Even before last month’s coup attempt, Turkey’s penal system was overstretched, with crowded prisons and backlogged courts. Now, it is struggling to cope with an influx of thousands who have been detained in the aftermath of the attempted putsch.
The government says the situation is under control, but pictures of some alleged coup plotters handcuffed, stripped to their underpants and detained in sweltering rooms have raised concern among rights groups. There are reports that some jails are so crowded that prisoners have to sleep in shifts.
There are now so many alleged putschists that the government says it doesn’t have a courthouse big enough to try them all and will need to build new ones. Some 3,000 prosecutors and judges are among those who have been detained, making it even more difficult to find members of the judiciary to handle trials.
Turkey’s prison population has trebled since 2002 when the ruling AK Party founded by President Tayyip Erdogan came to power. Some are jailed in connection with the conflict in the mainly Kurdish southeast, which in the last year has seen some of the worst violence since the insurgency began in 1984.
There were 188,000 prisoners in Turkey as of March, around 8,000 more than the existing capacity. So far, 12,000 people have been jailed pending trial since the failed coup and thousands more detained for further questioning.
“In order to make space, they are piling people on top of each other,” said Mustafa Eren, chairman of the Civil Society in the Penal System Foundation, a rights group.
At the Tekirdag prison in northwest Turkey, authorities were cramming six people into three-man cells, he said. The Silivri prison west of Istanbul was so crowded that prisoners were being housed in its sports facilities, Eren said.
A government official told Reuters there wasn’t a prison problem.
“There is no shortage of prisons. We don’t think there will be any problems with this because we’ve been making on-going investments in our prison system,” the official said.
The July 15 abortive putsch saw a faction of the military commandeer tanks, helicopters and fighter jets in an attempt to topple the government. Turkey blames followers of Fethullah Gulen, a Muslim cleric who has lived in self-imposed exile in rural Pennsylvania since 1999. Gulen has denies the charges he was behind the failed putsch, and has condemned the coup.
Sleeping in shifts
“Jails had already exceeded capacity before July 15, with prisoners sleeping in corridors and by toilets,” said Veli Agbaba, the deputy head of the main opposition, the secular Republican People’s Party (CHP), who has made hundreds of prison visits in the last five years for his work on a CHP commission investigating conditions in jails.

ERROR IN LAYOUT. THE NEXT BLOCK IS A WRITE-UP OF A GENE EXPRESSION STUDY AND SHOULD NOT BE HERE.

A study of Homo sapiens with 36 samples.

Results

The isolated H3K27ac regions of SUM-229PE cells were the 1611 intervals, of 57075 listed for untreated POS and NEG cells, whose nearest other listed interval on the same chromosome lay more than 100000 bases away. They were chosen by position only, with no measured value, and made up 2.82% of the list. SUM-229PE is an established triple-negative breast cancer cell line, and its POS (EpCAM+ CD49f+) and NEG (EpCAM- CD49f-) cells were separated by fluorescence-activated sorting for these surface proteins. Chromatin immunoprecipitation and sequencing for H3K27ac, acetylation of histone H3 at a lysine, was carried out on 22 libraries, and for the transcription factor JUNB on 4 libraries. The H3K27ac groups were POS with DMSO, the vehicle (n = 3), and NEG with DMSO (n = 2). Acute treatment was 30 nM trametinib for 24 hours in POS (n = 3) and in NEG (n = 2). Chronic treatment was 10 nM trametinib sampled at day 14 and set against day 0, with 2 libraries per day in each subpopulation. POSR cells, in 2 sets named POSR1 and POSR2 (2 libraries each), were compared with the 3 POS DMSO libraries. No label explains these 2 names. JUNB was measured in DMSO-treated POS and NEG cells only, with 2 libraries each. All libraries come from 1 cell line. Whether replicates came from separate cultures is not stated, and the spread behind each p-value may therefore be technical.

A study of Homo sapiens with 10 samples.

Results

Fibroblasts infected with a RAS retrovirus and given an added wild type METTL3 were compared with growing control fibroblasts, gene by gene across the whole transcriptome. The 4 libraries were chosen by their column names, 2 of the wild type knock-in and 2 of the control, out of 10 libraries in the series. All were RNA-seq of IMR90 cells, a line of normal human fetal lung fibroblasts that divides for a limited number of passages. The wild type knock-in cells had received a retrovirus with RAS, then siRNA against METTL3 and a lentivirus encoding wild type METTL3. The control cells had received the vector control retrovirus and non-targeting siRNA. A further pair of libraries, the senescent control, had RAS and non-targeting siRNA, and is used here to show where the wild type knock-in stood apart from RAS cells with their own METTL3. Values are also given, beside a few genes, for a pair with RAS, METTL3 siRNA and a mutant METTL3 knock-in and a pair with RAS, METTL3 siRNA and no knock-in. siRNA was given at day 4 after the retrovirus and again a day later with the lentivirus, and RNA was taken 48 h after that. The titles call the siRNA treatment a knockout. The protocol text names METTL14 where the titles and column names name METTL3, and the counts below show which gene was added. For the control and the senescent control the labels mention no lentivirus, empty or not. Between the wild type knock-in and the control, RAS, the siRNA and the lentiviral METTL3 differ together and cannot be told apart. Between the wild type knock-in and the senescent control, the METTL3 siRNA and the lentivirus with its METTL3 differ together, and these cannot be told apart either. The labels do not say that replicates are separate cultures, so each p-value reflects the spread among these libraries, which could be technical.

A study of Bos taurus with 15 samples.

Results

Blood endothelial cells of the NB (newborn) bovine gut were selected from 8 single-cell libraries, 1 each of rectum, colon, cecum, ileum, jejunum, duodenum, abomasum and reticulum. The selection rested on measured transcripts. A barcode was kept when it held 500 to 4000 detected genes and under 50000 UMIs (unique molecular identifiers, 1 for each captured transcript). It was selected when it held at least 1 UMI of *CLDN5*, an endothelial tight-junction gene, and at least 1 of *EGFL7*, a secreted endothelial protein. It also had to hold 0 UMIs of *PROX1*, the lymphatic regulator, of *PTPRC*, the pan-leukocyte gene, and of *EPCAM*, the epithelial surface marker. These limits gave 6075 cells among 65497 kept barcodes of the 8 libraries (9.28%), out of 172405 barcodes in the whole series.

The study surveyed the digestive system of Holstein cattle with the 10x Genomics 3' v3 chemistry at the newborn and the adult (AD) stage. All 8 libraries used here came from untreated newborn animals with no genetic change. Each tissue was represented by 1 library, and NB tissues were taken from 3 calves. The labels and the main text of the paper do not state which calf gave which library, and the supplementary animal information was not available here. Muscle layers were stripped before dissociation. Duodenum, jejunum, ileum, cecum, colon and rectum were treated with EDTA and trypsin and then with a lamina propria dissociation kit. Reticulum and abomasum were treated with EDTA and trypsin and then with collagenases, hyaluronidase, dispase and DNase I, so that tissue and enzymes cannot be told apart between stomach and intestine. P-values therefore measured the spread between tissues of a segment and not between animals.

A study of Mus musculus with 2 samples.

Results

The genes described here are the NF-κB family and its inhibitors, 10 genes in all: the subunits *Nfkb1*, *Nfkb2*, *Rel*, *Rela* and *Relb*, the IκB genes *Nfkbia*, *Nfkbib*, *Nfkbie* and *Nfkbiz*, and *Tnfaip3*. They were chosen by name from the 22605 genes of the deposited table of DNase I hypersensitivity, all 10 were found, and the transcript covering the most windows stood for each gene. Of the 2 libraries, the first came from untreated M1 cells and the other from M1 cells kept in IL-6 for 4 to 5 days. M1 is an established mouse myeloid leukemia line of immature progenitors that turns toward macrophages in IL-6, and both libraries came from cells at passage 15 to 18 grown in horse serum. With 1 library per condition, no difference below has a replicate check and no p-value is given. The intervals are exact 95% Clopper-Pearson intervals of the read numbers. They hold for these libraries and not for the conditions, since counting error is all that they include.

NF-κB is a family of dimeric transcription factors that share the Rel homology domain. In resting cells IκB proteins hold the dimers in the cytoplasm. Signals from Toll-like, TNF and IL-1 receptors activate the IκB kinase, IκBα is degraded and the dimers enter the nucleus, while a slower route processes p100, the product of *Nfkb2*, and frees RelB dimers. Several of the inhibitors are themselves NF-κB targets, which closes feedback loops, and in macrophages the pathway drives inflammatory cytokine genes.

The overcrowding was such that prisoners were sleeping in shifts and in response new beds were being brought in, Agbaba said. The rooms are so crammed with beds that there is no floor space for walking, he said. “The severity of the prison problem is not one that can be solved by sending in new beds,” he said.
The pro-government Yeni Safak newspaper reported that authorities at Sincan prison in Ankara set up a large tent on the prison grounds to house coup-related detainees. The government has rejected the report, with a justice ministry official saying all suspects were held in prison buildings.
Rights groups say the overcrowding is another form of torture for the prisoners, some of whom have been shown in photos and television footage with bandages and bruises since their incarceration.
“Footage clearly shows those soldiers were beaten when they were under custody. This is torture. You don’t even need to go and investigate,” said Ozturk Turkdogan, head of the Turkish Human Rights Association. “This is such a vengeful mentality and it should be abandoned.”
Turkdogan said rights groups met with deputy prime minister Numan Kurtulmus to air their concerns regards torture and detention conditions.
Justice Minister Bekir Bozdag said in a television interview this week that there is no torture in Turkish prisons.
Bozdag has said no court in the country is capable of handling the number of defendants, which could total up to 30,000, and that new courthouses will be built for the trials.
He has said the putschists will be tried in Sincan - an Ankara district laden with symbolism, as it was the scene of an 1997 army show of strength months before it ousted an Islamist government.
Suspects are having trouble finding adequate counsel because expert lawyers are either afraid to be associated with the coup or are personally repulsed by the putsch, said Turkdogan of Turkey’s Human Rights Association.
In some cases, legal aid is provided, but those lawyers are often inexperienced and intimidated by the authorities, he said.
Illustrating the hostility for the accused, one lawyer entered a prison this week to speak to a suspect, a former air force commander portrayed in media as a coup leader, but tried to attack him before being taken away by jail guards, the prison authority said in a statement.
A decade ago, in a bid to reduce prison crowding, the government introduced a “supervised release” scheme, under which prisoners sentenced to less than 18 months are freed on parole.
The opposition CHP has called for this to be extended to sentences of up to two years, but justice Minister Bozdag rejected such a move earlier this year, saying it could hurt public order.
New prisons are planned. Speaking to parliamentary commission members in January, the head of the prisons’ directorate, Yavuz Yildirim, said Turkey planned to open 165 more prisons in the coming four years and close 131 old ones.
In the past, Turkey has used amnesties to reduce prison numbers. The last major amnesty, in 2000, was carried out on the proposal of the wife of then-Prime Minister Bulent Ecevit. It lowered the population by more than a quarter, but three years later the numbers had risen back to the pre-amnesty level.